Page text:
Natural Rights

According to natural rights theory, as described by philosophers such as John Locke, everyone is born with an equality of certain rights, regardless of their nationality. Since they come from nature or from God, natural rights cannot be justly taken away without consent. As the Declaration of Independence asserts, natural (or “inalienable”) rights include “life, liberty, and the pursuit of happiness.” Other natural rights are protected in the Bill of Rights, including freedom of speech, religion, and press.

The Founders believed that it is an important purpose of government to protect peoples’ natural rights. Thomas Jefferson wrote in the Virginia Statute for Religious Freedom that infringements of conscience were a violation of natural rights; James Madison included protections from government abridgement of natural rights in the Bill of Rights. Belief in natural rights theory led many Founders, notably James Otis, to denounce slavery as a violation of natural rights. The Ninth Amendment addresses those natural rights not specifically listed in the Constitution and the Bill of Rights, but which the people retain.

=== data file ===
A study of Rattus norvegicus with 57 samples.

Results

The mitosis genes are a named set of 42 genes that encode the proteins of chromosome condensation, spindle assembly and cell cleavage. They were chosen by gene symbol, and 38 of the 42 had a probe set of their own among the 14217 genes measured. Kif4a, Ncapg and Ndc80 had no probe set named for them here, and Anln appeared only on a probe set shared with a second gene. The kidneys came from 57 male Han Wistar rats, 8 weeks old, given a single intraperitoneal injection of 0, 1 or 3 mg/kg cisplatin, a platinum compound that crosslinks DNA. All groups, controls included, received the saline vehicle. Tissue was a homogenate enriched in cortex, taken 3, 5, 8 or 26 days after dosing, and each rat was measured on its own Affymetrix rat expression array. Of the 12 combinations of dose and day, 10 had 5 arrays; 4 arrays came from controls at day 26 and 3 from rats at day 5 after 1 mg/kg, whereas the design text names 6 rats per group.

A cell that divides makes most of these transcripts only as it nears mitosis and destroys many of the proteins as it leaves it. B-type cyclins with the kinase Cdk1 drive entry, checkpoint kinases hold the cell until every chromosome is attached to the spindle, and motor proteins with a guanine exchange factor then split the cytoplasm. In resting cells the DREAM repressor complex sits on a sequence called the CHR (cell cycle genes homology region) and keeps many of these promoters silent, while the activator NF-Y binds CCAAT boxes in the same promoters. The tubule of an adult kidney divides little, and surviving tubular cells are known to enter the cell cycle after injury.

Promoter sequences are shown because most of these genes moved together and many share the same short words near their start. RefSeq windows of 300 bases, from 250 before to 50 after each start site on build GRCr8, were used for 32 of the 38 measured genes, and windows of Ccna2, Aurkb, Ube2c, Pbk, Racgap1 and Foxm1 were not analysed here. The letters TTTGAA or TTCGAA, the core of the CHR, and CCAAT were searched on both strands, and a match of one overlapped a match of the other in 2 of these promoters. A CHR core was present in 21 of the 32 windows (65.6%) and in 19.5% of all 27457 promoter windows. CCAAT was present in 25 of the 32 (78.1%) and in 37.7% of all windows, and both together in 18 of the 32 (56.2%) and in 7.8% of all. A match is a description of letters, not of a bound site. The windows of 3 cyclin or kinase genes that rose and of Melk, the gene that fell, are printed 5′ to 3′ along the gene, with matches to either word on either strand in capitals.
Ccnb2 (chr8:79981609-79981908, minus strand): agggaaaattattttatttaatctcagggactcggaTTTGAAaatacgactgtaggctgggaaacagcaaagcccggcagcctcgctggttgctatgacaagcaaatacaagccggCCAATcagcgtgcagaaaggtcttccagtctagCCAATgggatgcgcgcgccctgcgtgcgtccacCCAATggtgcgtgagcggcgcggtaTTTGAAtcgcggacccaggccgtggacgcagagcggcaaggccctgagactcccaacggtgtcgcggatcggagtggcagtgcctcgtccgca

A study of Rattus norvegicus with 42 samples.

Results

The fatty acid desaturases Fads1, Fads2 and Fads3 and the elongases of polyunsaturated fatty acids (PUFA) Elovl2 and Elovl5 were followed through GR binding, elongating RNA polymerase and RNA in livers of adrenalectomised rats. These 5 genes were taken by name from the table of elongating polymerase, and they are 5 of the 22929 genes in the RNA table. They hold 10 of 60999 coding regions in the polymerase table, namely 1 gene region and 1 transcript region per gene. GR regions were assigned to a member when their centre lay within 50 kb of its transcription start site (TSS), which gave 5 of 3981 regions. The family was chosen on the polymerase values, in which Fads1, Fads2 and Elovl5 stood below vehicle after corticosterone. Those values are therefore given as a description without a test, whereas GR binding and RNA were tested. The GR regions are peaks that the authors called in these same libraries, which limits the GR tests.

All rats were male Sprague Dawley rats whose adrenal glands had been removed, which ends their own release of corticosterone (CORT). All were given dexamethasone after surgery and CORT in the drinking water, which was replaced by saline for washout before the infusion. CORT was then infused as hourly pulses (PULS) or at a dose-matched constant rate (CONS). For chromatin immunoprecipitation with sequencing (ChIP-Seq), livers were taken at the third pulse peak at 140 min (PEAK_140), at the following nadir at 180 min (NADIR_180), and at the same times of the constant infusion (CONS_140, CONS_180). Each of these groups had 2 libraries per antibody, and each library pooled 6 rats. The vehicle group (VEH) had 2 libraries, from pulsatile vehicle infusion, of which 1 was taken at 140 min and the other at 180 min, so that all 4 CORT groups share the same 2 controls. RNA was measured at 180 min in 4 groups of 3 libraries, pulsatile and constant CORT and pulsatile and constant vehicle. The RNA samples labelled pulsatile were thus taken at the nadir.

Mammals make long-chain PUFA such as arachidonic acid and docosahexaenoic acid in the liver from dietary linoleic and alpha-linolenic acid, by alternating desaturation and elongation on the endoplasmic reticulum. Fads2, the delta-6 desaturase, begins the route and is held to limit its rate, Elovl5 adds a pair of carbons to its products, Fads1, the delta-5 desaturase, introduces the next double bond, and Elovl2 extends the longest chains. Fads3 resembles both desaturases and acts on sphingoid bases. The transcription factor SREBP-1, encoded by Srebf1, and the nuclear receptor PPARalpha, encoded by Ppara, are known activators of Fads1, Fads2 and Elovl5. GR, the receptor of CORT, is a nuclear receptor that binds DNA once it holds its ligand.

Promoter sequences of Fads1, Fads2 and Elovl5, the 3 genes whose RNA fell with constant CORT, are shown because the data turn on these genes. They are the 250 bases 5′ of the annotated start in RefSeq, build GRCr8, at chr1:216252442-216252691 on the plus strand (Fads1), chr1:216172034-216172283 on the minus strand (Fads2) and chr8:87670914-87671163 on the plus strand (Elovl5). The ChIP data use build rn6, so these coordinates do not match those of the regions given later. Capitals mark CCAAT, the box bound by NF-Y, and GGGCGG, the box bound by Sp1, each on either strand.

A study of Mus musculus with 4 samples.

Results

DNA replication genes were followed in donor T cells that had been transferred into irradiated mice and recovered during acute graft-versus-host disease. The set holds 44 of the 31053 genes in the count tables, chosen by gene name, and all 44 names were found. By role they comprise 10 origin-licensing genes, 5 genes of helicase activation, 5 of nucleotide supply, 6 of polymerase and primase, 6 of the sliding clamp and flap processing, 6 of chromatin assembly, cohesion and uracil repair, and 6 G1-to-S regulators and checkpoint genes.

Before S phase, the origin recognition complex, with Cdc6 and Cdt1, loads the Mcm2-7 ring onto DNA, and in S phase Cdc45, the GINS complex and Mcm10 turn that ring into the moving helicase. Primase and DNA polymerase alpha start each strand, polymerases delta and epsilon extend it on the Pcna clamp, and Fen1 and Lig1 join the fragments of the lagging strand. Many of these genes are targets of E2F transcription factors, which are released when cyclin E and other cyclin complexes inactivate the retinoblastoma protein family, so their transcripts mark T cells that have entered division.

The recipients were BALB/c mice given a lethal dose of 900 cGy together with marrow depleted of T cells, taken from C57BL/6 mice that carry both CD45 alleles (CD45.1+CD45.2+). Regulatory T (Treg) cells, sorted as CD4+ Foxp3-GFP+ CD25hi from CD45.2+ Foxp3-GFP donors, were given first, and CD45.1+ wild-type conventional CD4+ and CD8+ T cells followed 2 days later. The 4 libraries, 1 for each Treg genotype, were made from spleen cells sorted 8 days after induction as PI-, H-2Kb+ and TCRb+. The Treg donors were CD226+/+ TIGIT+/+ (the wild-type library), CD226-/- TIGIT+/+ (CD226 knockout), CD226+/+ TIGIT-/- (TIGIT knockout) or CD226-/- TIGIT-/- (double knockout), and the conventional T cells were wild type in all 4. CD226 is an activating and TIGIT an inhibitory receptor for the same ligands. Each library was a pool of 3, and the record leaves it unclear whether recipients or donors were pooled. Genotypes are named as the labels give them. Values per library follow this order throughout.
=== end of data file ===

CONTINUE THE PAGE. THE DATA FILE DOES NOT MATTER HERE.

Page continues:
Later documents, including the Declaration of Sentiments and Resolutions, and Letter from Birmingham Jail, refer to natural rights as the basis for protesting unjust treatment of women and African Americans.

Natural rights theory is a foundation for constitutional principles such as judicial protection of rights and majority rule versus minority rights, and civic values like respect and responsibility.